For the sixth time in PDGA history, a disc golf event will have a $100,000 professional payout. Nate Heinold, tournament director of the Ledgestone Insurance
Open presented by Discraft, is thrilled to announce that this year’s professional payout will be more than $100,000 with a full field of players. The 2015 event featured a then record $117,453 professional payout while last year’s event featured a $95,400 professional payout. Heinold is determined to make sure this year’s event hits $100,000. “Last year we didn’t quite make it to $100,000, but I expect this year to push above that figure. With the changes we are making and the growth of disc golf in general we expect to fill up on the professional side.” There are room for slightly less than 300 professional players, which is smaller than in year’s past. “Going to one course for the MPO players cuts down the amount of players slightly for that division, so that reduces the total amount of players on the professional side,” said Heinold. The tournament expects demand to be higher for all professional divisions because of the positive changes the tournament has made, as well as the fact that slightly less professional spots are available. See the full payout.
The MPO payout certainly looks the most staggering. The MPO division comprises the most players so it will certainly garner the most attention. The other divisions are no slouch when it comes to the payout, including the FPO division which is projected to pay $2300 to the winner. The FPO division is also unique in that it will see 21 of 32 women paid. “We want to do whatever we can to support the growth of disc golf on the Women’s side, and we feel that paying more women will help that growth,” said Heinold. The Ledgestone Insurance Open is unique in how much added cash goes into the event. No tournament can boast the added cash that Ledgestone wields. No tournament has ever added $50,000 of added cash to an event, and this will be Ledgestone’s third straight year of doing so. Heinold is also quick to point out that his added cash is true added cash. “Some tournaments say they have X dollars of added cash, when it’s really a smaller amount because they subtract course fees, management fees, expenses, etc from player entry fees. That’s certainly within PDGA guidelines, but it’s not how we do it. We don’t subtract anything from player entry fees except for the PDGA fees,” said Heinold.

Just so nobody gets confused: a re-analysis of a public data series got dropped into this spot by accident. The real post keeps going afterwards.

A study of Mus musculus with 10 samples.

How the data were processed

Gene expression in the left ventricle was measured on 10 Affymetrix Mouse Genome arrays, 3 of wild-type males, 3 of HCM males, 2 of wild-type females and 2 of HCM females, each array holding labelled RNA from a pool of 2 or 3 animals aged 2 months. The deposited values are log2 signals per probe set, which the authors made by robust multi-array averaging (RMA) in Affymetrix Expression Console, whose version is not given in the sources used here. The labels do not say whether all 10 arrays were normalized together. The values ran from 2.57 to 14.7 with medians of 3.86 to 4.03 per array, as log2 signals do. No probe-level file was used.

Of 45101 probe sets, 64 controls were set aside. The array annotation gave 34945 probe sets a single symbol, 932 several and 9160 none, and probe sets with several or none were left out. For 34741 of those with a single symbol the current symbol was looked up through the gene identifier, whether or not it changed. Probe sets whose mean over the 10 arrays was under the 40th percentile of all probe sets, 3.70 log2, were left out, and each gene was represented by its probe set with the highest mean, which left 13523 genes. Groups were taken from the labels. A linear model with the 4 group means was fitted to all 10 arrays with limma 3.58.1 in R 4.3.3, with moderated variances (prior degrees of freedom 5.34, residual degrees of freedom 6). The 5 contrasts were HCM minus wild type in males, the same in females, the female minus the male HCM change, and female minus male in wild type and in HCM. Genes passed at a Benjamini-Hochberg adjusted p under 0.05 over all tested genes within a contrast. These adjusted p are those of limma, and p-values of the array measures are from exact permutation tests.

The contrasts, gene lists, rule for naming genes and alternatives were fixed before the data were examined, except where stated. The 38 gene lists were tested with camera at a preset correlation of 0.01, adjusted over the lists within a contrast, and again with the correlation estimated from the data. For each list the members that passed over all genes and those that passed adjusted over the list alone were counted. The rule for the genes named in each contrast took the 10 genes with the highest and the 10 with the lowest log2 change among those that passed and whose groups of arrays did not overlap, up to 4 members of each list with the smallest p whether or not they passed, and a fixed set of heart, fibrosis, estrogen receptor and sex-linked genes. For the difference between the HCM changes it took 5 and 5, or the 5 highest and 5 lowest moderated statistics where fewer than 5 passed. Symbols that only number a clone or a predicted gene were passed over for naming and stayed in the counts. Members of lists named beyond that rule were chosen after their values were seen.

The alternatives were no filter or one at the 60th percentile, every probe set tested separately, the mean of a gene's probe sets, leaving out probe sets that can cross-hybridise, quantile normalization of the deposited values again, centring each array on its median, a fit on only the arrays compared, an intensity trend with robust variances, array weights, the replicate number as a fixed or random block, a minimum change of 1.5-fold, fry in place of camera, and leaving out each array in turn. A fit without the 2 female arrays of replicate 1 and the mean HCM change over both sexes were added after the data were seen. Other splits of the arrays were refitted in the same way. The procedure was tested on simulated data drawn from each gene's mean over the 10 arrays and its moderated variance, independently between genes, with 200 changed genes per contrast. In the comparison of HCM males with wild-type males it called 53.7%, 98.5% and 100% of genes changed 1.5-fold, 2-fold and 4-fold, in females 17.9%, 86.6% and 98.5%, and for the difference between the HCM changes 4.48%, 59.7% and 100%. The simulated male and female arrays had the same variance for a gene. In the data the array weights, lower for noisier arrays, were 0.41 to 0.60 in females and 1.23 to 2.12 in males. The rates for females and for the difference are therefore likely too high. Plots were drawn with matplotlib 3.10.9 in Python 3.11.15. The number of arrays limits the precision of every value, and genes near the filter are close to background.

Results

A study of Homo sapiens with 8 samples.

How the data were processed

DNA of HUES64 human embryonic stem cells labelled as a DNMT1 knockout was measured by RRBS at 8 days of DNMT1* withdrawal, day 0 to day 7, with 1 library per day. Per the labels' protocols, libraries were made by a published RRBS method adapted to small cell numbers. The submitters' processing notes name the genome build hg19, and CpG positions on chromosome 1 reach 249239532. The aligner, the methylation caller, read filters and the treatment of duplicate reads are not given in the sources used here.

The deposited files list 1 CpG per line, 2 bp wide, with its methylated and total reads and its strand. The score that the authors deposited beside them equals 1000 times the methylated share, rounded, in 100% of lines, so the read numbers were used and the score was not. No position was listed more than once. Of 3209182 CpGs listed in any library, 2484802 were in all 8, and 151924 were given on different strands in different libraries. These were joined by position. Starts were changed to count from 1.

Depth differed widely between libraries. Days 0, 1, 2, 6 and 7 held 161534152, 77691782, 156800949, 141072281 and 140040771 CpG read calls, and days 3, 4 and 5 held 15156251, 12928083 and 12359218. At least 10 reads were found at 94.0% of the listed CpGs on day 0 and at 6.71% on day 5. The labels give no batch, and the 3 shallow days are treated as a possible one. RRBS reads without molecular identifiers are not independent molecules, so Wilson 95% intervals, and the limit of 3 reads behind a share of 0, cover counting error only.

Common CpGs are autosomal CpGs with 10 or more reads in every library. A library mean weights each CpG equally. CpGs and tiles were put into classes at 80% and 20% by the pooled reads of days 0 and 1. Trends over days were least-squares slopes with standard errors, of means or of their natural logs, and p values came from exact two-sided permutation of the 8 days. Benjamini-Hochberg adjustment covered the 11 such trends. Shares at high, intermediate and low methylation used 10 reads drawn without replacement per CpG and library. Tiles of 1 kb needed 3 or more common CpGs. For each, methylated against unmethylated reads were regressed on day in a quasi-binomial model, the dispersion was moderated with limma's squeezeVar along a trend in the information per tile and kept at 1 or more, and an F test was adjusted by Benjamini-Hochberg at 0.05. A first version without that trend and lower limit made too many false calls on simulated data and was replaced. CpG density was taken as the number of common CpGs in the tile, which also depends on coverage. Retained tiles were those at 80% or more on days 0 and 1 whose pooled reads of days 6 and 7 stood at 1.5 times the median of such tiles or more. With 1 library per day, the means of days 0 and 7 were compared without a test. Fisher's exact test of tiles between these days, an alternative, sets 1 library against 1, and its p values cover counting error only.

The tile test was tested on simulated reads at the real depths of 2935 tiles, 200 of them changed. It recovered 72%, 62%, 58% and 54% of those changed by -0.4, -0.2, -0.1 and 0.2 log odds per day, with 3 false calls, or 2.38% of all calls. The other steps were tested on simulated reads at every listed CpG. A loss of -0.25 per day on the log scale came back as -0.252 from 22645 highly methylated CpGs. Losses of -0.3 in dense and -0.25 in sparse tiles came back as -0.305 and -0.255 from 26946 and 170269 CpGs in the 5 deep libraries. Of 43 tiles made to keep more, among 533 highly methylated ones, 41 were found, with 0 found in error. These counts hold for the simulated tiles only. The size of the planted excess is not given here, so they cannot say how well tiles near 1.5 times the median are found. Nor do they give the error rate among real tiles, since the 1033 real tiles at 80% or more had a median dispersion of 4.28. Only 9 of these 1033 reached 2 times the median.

Entry fees are $5 lower for MPO and FPO players compared to last year, while age protected professional divisions are $55 lower. The lower entry fee for the age protected professional players should spur more players to sign up, according to Heinold. Registration opens 3/1 for MPO players rated 970 and above and FPO players rated 900 and above. Registration will take place exclusively at Disc Golf scene.